First Page – The Thing with Feathers

In the midst of the machinations of a mad man, virtue and valor can persist. The Thing with Feathers is known to fly through wars, depressions, and natural disasters. Will the Marshall clan and the good people of Cloverdale find it in time?

      As the inhabitants of Cloverdale, Oregon, welcomed in the twentieth century, they were not unaccustomed to hard times and thorny situations. Small communities banded together for protection and hope. Heroes and villains were often difficult to decipher.
      When an itinerate Baptist preacher arrived with his baby daughter and a wife lost on the trail, there was no one prepared to suspect what lurid secrets and heartbreak he might be concealing. As the preacher sets his sights against those who might oppose him, the names, reputations, and even the very lives of the good people of Cloverdale, may not be spared.

The Thing with Feathers
Anne Sweazy-Kulju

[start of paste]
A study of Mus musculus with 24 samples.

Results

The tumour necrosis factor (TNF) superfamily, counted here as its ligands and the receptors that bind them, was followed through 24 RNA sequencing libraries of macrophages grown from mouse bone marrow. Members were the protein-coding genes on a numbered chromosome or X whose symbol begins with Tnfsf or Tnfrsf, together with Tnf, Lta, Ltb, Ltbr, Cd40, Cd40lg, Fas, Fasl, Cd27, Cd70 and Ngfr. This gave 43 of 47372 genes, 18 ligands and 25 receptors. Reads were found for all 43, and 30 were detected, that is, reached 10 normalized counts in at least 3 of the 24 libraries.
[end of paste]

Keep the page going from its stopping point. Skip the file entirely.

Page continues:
Chapter 1
The mule labored beneath the large man’s bulk as it trudged across the Idaho desert. The moon’s glow was thin and spare and his dark, retreating shape was growing less distinguishable to the woman walking many yards behind him. She did not appear to care. She had been walking for a very long time, quite swollen and struggling mightily with her intensifying labor pains. She stumbled again, but that time, she did not push on.

“Get up!” the mule rider hollered over his shoulder at the woman. He did not stop.

The young mother-to-be glared holes in the backside of the shadowy wayfarer. Her hatred of the man was nearly a tangible thing. Slowly, she reached down to the desert floor and grabbed up a scrap of wood, a bleached and splintered discard from wagon wheel spoke, left over from the heydays of the Oregon Trail. Still boring daggers at the distant rider, she jammed the wood in her mouth and bit down hard. Then she hiked up her dusty skirt, none too dainty, and laid herself down in the dirt.

* * *
A scream split the night. Other screams followed, of course, all of which seemed capable of tearing the very fabric of time with their tortured piercing. Two men were within a hundred miles of hearing those awful wails. One man, a good Samaritan by the name of Milton Blair, held the hand of the stricken woman and cried for her agony, not knowing what else to do for her. The other man, far less good, supposed the Oregon Trail had claimed yet another pitiful traveler. He held no anguish, though it was his wife who was dying.